In the past week I’ve ____, ____, ___, and ____. And before that, babysat for a real live child. She was long-haired and clever with a whole notebook of cute pictures she has taken (arranged in order of cuteness). She pulls her mother’s article proofs out of the waste basket and adds her own editorial marks. I resusitated my second grade bunny drawing skills and taught her how to draw a bunny. J taught her pig-latin–and, I’m afraid, perhaps a little real latin as well. Before J and I got there she said to m.o.m:
“Quick, remind me of their names? Max and Ruby?”
Terrifying, I know. As I have already been Max, this time I got to play Ruby in the live version.
I later found out Max and Ruby are animated bunnies. Wiki provides a brief description of the program:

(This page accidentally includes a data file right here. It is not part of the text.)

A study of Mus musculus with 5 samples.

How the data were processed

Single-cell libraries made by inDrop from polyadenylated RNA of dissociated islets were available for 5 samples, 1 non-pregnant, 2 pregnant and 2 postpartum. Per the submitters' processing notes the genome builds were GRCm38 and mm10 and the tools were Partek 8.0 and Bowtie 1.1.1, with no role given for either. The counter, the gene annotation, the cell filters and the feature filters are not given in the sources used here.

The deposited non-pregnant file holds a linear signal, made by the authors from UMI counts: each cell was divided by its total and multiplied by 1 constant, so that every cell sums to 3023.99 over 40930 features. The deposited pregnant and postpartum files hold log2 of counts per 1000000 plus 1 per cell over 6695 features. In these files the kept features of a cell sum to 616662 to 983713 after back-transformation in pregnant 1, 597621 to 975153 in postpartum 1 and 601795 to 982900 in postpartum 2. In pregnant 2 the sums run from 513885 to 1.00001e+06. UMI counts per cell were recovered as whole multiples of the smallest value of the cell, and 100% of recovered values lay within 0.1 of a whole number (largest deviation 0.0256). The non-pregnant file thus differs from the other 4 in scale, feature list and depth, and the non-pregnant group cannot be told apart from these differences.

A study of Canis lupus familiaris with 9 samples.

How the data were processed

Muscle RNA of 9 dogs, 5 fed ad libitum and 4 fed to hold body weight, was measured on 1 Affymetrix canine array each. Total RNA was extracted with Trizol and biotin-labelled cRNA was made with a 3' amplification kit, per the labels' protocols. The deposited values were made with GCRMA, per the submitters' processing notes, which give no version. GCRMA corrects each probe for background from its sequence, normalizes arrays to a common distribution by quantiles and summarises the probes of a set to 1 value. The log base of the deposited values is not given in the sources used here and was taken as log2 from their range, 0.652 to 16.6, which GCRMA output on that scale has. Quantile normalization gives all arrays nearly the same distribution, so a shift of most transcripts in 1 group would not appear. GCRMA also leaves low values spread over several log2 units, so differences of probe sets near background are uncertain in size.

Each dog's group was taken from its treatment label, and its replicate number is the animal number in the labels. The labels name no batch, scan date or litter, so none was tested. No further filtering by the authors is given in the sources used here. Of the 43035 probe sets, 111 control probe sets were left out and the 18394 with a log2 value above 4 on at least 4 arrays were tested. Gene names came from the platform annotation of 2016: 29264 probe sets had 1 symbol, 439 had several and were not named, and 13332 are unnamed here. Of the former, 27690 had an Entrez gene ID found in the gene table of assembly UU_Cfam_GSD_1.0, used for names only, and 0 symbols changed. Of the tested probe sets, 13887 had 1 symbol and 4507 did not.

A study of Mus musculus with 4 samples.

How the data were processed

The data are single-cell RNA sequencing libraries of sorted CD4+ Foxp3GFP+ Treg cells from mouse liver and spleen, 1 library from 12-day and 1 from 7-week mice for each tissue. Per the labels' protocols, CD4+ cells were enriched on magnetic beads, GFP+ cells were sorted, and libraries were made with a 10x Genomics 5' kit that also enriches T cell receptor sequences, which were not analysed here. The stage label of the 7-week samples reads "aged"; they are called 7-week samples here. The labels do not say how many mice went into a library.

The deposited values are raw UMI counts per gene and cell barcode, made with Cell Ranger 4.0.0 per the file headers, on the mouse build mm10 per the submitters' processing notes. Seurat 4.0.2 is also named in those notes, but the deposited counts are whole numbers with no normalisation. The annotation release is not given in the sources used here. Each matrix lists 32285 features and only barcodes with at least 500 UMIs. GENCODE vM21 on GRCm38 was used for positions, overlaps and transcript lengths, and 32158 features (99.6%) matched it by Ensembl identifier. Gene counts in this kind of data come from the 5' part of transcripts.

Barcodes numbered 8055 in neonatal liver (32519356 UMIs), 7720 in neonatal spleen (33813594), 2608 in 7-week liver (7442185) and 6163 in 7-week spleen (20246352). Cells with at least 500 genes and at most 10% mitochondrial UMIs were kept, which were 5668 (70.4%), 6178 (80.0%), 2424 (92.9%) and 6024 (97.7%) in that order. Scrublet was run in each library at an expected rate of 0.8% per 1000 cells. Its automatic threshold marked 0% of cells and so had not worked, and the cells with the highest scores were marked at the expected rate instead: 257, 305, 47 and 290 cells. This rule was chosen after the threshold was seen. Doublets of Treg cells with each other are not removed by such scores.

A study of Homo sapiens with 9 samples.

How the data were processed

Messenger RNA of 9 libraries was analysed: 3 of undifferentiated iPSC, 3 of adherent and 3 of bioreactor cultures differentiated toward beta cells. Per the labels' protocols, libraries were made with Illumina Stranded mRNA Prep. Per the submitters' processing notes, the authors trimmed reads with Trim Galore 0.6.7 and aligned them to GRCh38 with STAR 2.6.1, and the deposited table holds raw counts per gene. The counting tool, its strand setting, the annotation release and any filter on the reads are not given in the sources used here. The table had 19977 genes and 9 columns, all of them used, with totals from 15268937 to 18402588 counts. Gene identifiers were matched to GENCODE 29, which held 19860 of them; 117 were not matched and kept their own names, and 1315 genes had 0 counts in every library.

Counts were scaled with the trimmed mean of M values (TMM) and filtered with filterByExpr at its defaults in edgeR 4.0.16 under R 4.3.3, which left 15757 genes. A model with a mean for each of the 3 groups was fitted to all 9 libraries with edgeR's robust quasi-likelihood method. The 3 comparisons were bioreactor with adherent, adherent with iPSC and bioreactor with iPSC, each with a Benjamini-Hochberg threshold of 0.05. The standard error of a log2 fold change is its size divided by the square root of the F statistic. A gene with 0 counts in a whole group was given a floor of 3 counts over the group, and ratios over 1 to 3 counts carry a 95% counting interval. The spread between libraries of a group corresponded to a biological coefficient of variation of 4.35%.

Each episode consists of three self-contained vignettes. Within each, Ruby is typically engaged in some sort of project or activity, while Max has a particular mania of his own which either runs counter to his sister’s or distracts her. Amusingly, Max’s dialog within each story is usually limited to just one word or a two-word phrase, which he repeats periodically. For example, “Tow truck!” or “Jellyballs!” By the end of the story, Max’s passion often dovetails with Ruby’s in some way, to her benefit and delight.
At dinner she informed us that when her friend comes over,
“We usually put one noodle on the floor.”
“Why,” I asked.
“Uh, because it’s funny?!”
I’ll refrain from identifying with a child or saying anything about wisdom from the mouths of babes. Both would be utterly specious and only accessible cliche. It would be more accurate to cite wiki for the accidental insight.